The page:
Day: April 18, 2010

Pretty Words and Letter Writing

Pretty Words
Poets make pets of pretty, docile words:
I love smooth words, like gold-enamelled fish
Which circle slowly with a silken swish,
And tender ones, like downy-feathered birds:
Words shy and dappled, deep-eyed deer in herds,
Come to my hand, and playful if I wish,
Or purring softly at a silver dish,
Blue Persian kittens fed on cream and curds.

I love bright words, words up and singing early;
Words that are luminous in the dark, and sing;
Warm lazy words, white cattle under trees;
I love words opalescent, cool, and pearly,
Like midsummer moths, and honied words like bees,
Gilded and sticky, with a little sting.
Elinor Wylie

Like the poet I love pretty words whether they be docile, smooth, tender, bright, lazy or gilded.  I have always been fascinated by the ability of a word to convey a million different emotions.  Shakespeare is the master at this.  In 6 short words you understand the delicate state of Hamlet’s soul (“to be or not to be?”) and in just 3 we grasp the mad desperation of Lady Macbeth (“Out damn spot!”).

The New Testament is also remarkably succinct without the long speeches you might expect from someone as grand as Jesus Christ.  In fact, the most marvelous act that has ever occurred was glorified in only 3 words “He is risen.”

Another great example is the Gettysburg address.  In such a tumultuous time it is amazing that Lincoln took only 278 words to usher in a “new birth of freedom”.  Martin Luther King also gathered millions with his simple call “I have a dream…”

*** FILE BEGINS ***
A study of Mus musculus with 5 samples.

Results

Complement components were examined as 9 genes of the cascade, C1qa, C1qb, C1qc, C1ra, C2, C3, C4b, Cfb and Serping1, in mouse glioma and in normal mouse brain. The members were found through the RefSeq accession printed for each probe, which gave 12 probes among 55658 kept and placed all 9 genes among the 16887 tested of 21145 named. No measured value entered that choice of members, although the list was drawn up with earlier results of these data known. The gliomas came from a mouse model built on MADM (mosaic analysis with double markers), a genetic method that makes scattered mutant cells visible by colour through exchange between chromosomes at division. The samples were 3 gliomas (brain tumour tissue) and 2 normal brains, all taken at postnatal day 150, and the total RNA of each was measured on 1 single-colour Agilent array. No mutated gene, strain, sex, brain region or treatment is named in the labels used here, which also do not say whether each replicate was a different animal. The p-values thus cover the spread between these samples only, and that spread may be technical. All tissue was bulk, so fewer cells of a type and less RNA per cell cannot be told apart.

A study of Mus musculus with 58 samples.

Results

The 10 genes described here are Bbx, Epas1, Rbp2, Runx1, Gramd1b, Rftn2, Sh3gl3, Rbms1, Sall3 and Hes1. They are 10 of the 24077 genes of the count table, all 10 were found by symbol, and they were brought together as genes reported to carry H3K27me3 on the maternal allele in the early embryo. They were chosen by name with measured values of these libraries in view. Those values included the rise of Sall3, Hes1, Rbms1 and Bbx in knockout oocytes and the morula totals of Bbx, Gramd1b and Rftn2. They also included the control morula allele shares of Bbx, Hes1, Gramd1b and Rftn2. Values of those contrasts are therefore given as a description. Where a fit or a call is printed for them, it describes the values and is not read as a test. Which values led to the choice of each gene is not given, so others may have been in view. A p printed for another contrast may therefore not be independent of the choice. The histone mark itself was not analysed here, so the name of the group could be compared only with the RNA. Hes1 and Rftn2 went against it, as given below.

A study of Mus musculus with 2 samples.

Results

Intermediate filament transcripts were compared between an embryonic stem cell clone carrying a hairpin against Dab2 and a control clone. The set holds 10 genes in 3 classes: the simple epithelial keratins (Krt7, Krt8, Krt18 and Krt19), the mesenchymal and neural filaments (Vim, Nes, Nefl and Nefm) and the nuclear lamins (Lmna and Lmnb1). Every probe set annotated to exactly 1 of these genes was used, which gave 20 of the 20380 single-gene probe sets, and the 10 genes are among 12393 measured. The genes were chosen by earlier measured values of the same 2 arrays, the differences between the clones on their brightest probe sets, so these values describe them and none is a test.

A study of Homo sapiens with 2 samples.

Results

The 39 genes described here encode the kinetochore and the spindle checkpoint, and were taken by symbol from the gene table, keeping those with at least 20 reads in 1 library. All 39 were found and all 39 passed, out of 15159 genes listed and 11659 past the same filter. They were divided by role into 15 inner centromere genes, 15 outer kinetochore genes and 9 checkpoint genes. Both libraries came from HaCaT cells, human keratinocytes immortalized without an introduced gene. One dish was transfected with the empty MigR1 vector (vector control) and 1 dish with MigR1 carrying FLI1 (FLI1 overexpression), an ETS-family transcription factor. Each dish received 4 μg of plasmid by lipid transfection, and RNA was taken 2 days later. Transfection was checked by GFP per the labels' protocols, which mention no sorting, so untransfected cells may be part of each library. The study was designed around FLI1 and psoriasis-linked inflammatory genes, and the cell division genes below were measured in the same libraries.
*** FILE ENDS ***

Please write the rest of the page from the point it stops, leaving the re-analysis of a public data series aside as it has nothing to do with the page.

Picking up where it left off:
I’ve often wished that I had a real, genuine pen pal whom I could write long gushy letters to.  I just finished a book about the women of the American Revolution called Founding Mothers by Cokie Roberts. One of the things that amazed me was all of the letters these women wrote- sometimes to men and women that they would never or rarely meet.  It is remarkable how much we learn  about the daily goings on and the various opinions of the female correspondents.  I was constantly caught off guard with how modern and ambitious these 18th century women felt and behaved.

Some might argue that letters have been adequately replaced by email, blogging, facebook, twitter etc.   While these conveniences have their place and appeal they are not as thoughtful or thought-provoking merely because they are so easily produced.  A letter took real effort.  An email- not so much.  Nowadays kids don’t even spell entire words out when writing to each other- let alone actually putting together a real letter with powerful ideas from the heart.

For years I have started my diary entries as “Dear Friend” and then I write as if I was filling in a dear friend on the thoughts of my heart and the goings-on of my life.  While sorely missing the response, at least this allows me to format my ideas in the ways of old- something I find valuable in many ways.

Next time you have family home evening or a free moment sit down and write a traditional letter.  You can mail it or not but it will probably surprise you how interesting your life and thoughts are  These lettter’s do not have to be profound or sad, you may be fascinated by how witty you can be.  Give it a try!

If you want to read a great little book about a glorious correspondence check out The Delicacy and Strength of Lace by Leslie Marmon Silko and James Wright.

It is a small book but one of my top 10 favorites (and it is recently back in print!).  It is the real life correspondence of Wright and Silko- 2 poets who only met briefly but exchanged letters for years.  I have like 3 copies if anybody wants to borrow.